How popular is the baby name Elizabeth in the United States right now? How popular was it historically? Find out using the graph below! Plus, see baby names similar to Elizabeth and check out all the blog posts that mention the name Elizabeth.
The graph will take a few seconds to load, thanks for your patience. (Don't worry, it shouldn't take nine months.) If it's taking too long, try reloading the page.
Did you know that the first woman in the U.S. to fly a plane solo (intentionally*) was named Bessica?
Dr. Bessica “Bessie” Raiche (1875-1932) flew her homemade airplane on September 16, 1910, in Hempstead Plains, New York. It was her first time flying a plane, and during the short flight she “skimmed over the airfield a few feet off the ground.”
A month later, Aeronautical Society of America presented Bessica with a gold medal inscribed to “the first woman aviator of America.”
Bessica, a medical doctor, flew planes for only a short time before moving to California and resuming her medical practice.
Her mother’s name was Elizabeth, so I’m guessing “Bessica” was created as an elaborated form of Bess, the diminutive of Elizabeth.
Do you like the name Bessica? Would you use it for a modern baby girl?
*I say intentionally because, two weeks earlier in 1910, lady-pilot Blanche Stuart Scott had unintentionally become airborne while taxiing a plane.
Rafaela Ottiano was an actress who appeared in films from the 1920s to the 1940s. She was born in Italy in 1888. Rafaela was also a character played by actress Alice Joyce in the short film The Bag of Gold (1912).
Reno Browne was an actress who appeared in films from the 1940s to the 1950s. She was born in (Reno) Nevada in 1921. Her birth name Josephine Ruth Clarke. Reno was also a character played by actress Ethel Merman in the film Anything Goes (1936).
Rosina Galli was an actress who appeared in films from the 1930s to the 1950s. She was born in Italy in 1906. Rosina was also a character played by actress Jose Collins in the film The Last Stake (short, 1923).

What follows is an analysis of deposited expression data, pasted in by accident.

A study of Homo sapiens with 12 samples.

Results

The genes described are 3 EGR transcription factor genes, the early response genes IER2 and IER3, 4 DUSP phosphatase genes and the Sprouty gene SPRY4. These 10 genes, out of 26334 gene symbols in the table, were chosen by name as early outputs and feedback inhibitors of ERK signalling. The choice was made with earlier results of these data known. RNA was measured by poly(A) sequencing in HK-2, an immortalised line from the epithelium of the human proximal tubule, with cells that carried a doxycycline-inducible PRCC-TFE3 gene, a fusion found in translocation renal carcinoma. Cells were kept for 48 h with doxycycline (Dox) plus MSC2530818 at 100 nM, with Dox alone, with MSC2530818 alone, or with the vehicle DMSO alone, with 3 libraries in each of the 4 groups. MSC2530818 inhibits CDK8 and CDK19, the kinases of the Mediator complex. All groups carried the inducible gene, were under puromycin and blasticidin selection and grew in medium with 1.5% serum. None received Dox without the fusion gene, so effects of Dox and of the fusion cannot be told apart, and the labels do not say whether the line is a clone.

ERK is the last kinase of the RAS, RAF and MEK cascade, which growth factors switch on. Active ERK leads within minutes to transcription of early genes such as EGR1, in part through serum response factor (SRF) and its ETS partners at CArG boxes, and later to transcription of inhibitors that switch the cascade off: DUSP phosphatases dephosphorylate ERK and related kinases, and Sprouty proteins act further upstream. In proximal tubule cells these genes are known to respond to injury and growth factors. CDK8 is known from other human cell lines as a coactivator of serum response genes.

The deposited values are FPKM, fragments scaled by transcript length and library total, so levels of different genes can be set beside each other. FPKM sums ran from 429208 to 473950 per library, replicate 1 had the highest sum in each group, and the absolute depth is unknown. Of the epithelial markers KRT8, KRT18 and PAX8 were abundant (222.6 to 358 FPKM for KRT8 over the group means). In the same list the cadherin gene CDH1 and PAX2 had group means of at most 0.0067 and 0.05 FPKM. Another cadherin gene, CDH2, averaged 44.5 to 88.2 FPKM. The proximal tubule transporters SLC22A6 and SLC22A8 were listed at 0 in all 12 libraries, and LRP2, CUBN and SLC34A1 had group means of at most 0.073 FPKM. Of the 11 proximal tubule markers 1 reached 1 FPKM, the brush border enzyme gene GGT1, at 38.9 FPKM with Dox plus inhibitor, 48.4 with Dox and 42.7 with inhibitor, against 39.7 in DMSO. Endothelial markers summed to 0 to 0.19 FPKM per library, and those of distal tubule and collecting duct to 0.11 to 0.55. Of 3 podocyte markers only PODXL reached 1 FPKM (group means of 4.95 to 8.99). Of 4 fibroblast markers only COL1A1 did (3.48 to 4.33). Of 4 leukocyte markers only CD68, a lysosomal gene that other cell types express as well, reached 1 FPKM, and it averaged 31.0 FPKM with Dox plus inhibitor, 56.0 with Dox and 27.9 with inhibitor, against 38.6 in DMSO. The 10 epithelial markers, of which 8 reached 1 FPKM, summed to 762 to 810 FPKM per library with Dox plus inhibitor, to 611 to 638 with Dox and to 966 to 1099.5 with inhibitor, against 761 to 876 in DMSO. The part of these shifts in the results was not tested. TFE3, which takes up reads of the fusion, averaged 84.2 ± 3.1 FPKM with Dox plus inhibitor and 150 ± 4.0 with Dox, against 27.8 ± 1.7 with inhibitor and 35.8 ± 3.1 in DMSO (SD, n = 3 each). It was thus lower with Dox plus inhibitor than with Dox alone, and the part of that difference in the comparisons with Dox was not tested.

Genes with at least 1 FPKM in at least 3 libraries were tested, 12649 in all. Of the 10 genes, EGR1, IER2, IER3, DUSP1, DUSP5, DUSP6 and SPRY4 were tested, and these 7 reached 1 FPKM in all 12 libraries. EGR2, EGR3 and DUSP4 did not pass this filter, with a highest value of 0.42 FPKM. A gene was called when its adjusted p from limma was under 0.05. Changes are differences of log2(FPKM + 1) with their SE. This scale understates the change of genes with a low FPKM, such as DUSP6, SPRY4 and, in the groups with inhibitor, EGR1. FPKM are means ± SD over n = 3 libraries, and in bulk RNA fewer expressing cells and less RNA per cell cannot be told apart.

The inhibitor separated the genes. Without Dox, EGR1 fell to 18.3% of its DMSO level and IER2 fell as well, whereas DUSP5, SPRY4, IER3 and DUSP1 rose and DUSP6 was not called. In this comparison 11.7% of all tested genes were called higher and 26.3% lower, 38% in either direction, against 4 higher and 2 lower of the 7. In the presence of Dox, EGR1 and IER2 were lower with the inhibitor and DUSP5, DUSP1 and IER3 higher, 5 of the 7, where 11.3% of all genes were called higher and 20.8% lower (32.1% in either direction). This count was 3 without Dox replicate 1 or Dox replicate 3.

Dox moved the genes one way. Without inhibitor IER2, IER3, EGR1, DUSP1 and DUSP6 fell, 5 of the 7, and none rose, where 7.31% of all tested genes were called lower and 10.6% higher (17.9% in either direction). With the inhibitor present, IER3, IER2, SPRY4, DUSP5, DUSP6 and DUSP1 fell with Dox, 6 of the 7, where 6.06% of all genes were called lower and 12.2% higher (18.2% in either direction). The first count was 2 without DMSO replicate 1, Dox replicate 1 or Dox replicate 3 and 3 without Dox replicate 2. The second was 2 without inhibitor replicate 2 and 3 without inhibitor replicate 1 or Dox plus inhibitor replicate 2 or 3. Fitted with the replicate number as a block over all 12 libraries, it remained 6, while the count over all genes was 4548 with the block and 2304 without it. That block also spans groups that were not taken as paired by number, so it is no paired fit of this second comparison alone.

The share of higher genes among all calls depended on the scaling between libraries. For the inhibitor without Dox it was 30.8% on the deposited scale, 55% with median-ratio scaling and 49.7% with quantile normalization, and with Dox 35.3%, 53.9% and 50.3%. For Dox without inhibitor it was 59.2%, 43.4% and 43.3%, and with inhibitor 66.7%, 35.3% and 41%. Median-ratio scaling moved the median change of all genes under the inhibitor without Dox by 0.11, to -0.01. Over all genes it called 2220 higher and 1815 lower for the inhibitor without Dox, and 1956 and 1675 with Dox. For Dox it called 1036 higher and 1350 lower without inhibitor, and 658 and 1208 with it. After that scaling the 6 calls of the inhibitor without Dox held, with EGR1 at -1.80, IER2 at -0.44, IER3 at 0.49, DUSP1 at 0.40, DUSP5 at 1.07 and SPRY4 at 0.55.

Rosita Marstini was an actress who appeared in films from the 1910s to the 1940s. She was born in France in 1887. Rosita was also a character name in multiple films, including Hell’s Valley (1931) and Zoo in Budapest (1933).
Sir Walter Raleigh, the English gentleman and New World explorer, didn’t have a whole bunch of kids — just three sons. But two of those three sons had rather unusual names:
Damerei, born in 1592
Walter, born in 1593
Carew, baptized in 1605
Walter’s name is easy enough to figure out…but where do “Carew” and “Damerei” come from?
Carew was a surname that could be found on both sides of the family tree, coincidentally — both in Walter Raleigh’s family and in the family of his wife, Elizabeth.
Damerei was based on the surname D’amerie, which was supposedly a surname in Walter Raleigh’s tree that connected him to Henry I. (This was according to a historian Raleigh had hired, probably for the very purpose of cooking up some noble/royal ancestry.)
Which of these three names do you like most?
Nicholls, Mark and Penry Williams. Sir Walter Raleigh: In Life and Legend. London: Continuum, 2011.
When I do historical research, I sometimes come across the name “Lettice.” It always reminds me of lettuce, the leafy salad green, but of course that’s not the source.
The source is Letitia (Lætitia), which comes from Latin and means “joy” or “gladness.” In England during the Middle Ages, various forms/spellings of Letitia emerged, and one of those forms was Lettice.
English noblewoman Lettice Knollys (b. 1543) was an early Lettice. Her husband Robert Dudley was close to — and had nearly become the husband of — Queen Elizabeth (before his marriage to Lettice).
Later Lettices include English actress Lettice Fairfax (b. 1876), English writer Lettice Cooper (b. 1897), and English socialite Lettice Lygon (b. 1906).
A modern example would be English violinist Lettice Rowbotham (vid), who introduced herself on Britain’s Got Talent a few years ago by saying: “I’m Lettice, like the salad.”
The name Lettice is more common overseas than it is in the U.S., but it does see usage here — enough to have popped up in the SSA’s dataset several times (as recently as 1969).
What do you think of the baby name Lettice? Would you use it?